Atlanta’s Airport Readies To Become Even Busier
If you’ve been to Atlanta’s airport recently, you’ll see a lot of things are under construction.
Outside the North Terminal, police guide traffic and pedestrians. Crews have been working to put up a steel canopy that will eventually arch over the roadways near the domestic terminals. The work is part of the airport’s $6 billion, 20-year expansion plan that’s expected to include a new concourse, a hotel and another runway.
“For us, everything we do is based on our forecasted demand,” said Roosevelt Council Jr., general manager of Hartsfield-Jackson Atlanta International Airport.
Council said the airport saw a record 104 million passengers last year.
“We expect those numbers to continue to rise,” he said.
For years, Hartsfield-Jackson has topped the list of busiest airports in the world. For some, like Terri Guth, who was at the airport to pick up a friend, the title doesn’t sound very appealing.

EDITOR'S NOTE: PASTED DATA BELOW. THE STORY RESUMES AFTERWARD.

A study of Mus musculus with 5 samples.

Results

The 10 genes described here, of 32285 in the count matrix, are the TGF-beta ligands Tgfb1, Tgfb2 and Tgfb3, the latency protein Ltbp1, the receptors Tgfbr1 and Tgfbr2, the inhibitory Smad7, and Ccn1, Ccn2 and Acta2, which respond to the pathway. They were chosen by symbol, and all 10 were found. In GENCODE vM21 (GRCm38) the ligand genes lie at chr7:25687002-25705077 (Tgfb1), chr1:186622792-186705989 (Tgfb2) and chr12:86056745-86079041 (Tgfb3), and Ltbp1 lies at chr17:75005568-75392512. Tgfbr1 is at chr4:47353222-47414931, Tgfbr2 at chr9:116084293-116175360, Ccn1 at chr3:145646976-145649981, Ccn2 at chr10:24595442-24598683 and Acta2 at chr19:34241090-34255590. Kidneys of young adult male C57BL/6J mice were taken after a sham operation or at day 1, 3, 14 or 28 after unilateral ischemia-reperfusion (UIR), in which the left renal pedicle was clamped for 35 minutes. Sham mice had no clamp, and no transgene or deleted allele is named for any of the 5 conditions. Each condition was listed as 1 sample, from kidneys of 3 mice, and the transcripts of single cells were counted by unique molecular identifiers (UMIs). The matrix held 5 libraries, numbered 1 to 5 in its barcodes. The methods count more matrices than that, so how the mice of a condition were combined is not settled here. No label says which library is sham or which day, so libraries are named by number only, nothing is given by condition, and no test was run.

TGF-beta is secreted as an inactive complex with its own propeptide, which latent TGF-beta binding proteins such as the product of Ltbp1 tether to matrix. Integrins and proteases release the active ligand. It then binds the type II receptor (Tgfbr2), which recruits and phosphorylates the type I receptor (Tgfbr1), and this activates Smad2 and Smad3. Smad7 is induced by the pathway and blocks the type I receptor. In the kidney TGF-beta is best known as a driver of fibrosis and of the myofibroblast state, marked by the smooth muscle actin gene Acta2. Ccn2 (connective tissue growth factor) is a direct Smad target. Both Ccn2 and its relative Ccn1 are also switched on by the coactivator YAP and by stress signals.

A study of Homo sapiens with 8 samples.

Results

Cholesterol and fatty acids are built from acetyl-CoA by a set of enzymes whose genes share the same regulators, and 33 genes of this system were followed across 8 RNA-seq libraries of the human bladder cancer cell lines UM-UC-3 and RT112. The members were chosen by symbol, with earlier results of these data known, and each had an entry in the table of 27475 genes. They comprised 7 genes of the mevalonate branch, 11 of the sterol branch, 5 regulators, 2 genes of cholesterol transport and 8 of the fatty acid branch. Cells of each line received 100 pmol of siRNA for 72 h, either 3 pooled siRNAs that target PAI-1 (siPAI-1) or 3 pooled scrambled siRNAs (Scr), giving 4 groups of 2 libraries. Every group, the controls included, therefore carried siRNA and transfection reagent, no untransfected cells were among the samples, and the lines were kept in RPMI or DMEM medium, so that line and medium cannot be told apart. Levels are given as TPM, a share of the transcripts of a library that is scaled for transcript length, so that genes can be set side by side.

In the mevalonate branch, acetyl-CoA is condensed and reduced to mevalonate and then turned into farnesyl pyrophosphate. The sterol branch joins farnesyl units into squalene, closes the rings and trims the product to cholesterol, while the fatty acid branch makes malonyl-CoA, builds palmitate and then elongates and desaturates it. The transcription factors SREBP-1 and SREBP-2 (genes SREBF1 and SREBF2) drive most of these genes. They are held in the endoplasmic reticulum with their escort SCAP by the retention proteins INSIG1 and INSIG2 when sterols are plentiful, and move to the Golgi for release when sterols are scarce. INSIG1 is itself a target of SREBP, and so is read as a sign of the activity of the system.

“The way security and so forth is now, if you’re telling me I’m going to the world’s busiest airport, I’m like ‘Oh, geez,’” Guth said.
But Pierre Germain, who’s been a passenger at the airport, said he welcomes the reputation.
“I think it’s pretty prestigious of them, and it makes us pretty popular over the world. It’s going to attract businesses and improve the economy,” he said.
Officials tout Atlanta’s airport as the economic engine for the region. The airport itself has about 63,000 employees working on its campus, Council said.
Janet Bednarek, a professor of history at the University of Dayton, Ohio, said Atlanta, without the bustling airport, would have been a very different city.
“It would not have had the Olympics; it might not have had CNN; it would have had a harder time holding onto Coca-Cola,” Bednarek said.
She said the airport has become one of the busiest airports globally because of its close relationship with Delta Air Lines, which she said started the first hub-and-spoke system. Last year, the airline renewed its lease for 20 years with the city, and that’s helping to fund the $6 billion expansion.
Part of that agreement with Delta said that Atlanta won’t pursue building another commercial airport in the area, meaning Hartsfield-Jackson will likely continue to play a dominant role in the region.